Wall Street Journal: Companies want profits, not social responsibility

Last week Aneel Karnani, Professor of Strategy at the University of Michigan, wrote an essay “The Case Against Corporate Social Responsibility” in the liberal Wall Street Journal. The article “has caused minor shockwaves in the academic community and perhaps in the business community as well” (see letters to the ed).

Karnani’s basic claim is that “the idea that companies have a responsibility to act in the public interest and will profit from doing so is fundamentally flawed”. In most parts of the article he argues like Milton Friedman in 1970, basically writing that the only thing managers are (and should be – sic!) interested in is profits – and this is why companies e.g. refrain from paying workers higher wages: “Companies could pay their workers more and charge less for their products, but their profits would suffer”. He regards most CSR as not upright, but as greenwashing. He basically argues that companies would ignore the real problems, because they are only intersted in financial issues.

  • “In circumstances in which profits and social welfare are in direct opposition, an appeal to corporate social responsibility will almost always be ineffective, because executives are unlikely to act voluntarily in the public interest and against shareholder interests.”
  • “Energy conservation didn’t become so important to many companies until energy became more costly. These companies are benefiting society while acting in their own interests; social activists urging them to change their ways had little impact. It is the relentless maximization of profits, not a commitment to social responsibility, that has proved to be a boon to the public in these cases.”

Like Friedman, he regards government regulation as the most effective regulator; the only sure way to change corporate decision making is “to impose an unacceptable cost — regulatory mandates, taxes, punitive fines, public embarrassment — on socially unacceptable behavior. Pleas for corporate social responsibility will be truly embraced only by those executives who are smart enough to see that doing the right thing is a byproduct of their pursuit of profit”. While he acknowleges that there can be and are problems with government regulation, particularly in developing countries, he mentions that civil society as a part of the solutions, but rather a small one: “Civil society also plays a role in constraining corporate behavior that reduces social welfare, acting as a watchdog and advocate. … Overall, though, it can’t be relied on as the primary mechanism for imposing constraints on corporate behavior”. Similarly, he regards self regulation as relevant, but not as only solution: “Companies are unlikely to voluntarily act in the public interest at the expense of shareholder interests. … The challenge is to design self-regulation in a manner that emphasizes transparency and accountability, consistent with what the public expects from government regulation.”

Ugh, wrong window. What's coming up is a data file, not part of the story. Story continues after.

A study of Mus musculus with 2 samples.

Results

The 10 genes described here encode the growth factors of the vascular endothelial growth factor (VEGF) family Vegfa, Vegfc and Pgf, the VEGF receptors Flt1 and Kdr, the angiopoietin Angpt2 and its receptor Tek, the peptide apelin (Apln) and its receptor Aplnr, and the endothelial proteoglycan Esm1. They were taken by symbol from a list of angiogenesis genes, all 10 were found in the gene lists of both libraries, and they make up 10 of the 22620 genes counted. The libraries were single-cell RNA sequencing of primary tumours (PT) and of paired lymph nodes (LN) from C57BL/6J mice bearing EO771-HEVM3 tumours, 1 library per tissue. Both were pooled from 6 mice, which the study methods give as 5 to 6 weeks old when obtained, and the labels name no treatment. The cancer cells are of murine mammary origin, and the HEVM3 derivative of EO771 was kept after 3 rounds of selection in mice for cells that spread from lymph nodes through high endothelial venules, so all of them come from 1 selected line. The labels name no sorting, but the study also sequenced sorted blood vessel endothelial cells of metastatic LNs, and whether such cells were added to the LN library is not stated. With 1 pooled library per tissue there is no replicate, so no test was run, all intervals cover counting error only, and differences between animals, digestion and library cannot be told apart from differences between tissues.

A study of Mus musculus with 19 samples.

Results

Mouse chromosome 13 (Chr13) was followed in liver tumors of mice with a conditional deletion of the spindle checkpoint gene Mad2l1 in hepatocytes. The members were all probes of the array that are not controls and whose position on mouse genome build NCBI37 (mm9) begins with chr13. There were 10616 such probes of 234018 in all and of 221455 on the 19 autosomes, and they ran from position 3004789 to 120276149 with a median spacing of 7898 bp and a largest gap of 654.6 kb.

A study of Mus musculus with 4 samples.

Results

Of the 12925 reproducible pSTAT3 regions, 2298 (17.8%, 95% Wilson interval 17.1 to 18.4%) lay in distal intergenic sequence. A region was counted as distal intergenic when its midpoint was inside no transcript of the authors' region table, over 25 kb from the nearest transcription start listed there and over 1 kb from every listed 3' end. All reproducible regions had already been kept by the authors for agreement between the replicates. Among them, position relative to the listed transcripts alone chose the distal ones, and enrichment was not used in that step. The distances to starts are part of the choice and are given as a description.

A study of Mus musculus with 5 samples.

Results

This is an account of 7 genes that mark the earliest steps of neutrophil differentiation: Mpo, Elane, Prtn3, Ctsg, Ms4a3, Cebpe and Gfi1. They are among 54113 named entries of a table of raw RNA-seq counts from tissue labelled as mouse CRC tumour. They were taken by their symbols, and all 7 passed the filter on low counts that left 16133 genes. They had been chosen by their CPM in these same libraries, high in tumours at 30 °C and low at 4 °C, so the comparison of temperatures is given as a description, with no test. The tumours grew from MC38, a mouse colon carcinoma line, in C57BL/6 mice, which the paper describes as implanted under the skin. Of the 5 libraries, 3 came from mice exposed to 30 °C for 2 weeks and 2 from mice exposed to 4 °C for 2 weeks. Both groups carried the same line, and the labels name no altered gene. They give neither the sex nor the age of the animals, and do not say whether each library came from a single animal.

Karnani’s argument very much resembles the answers I now get from the BSCI members about why they do not want to pay living wages and why the governments should. However, Karnani ignores the possibility of transnational regulation.

Mike Valente yesterday published a reply to the WSJ article, which the two business ethics Professors Andrew Crane and Dirk Matten recommend. His reply is worth while a read. In one of his arguments, Mike praises that Karnani acknowledges the complexity of solutions, i.e. co-work of governments, business. Crane & Matten comment his post:

“Mike you’ve hit the nail on the head. Karnani’s views are outdated and too simplistic given the complex roles and responsibilities of business, government and civil society. Why I disagree: You’ve been too nice. Even on the first point where you claim to agree with the article, you probably don’t really. CSR isn’t irrelevant if managers have to creatively find those intersections between responsibility and profitablity (as you say later on) and choose these rather than other “non-responsible” but profitable options. There is always a choice and responsibility is always relevant. So forget about agreeing and stick to disagreeing!”

I agree that companies have a responsibility and that CSR is not irrelevant. However, his articles very much shows why much greenwashing is still going on and why CSR has its limitations. But to me the article also shows that it is necessary to stress more the role of governments & civil society.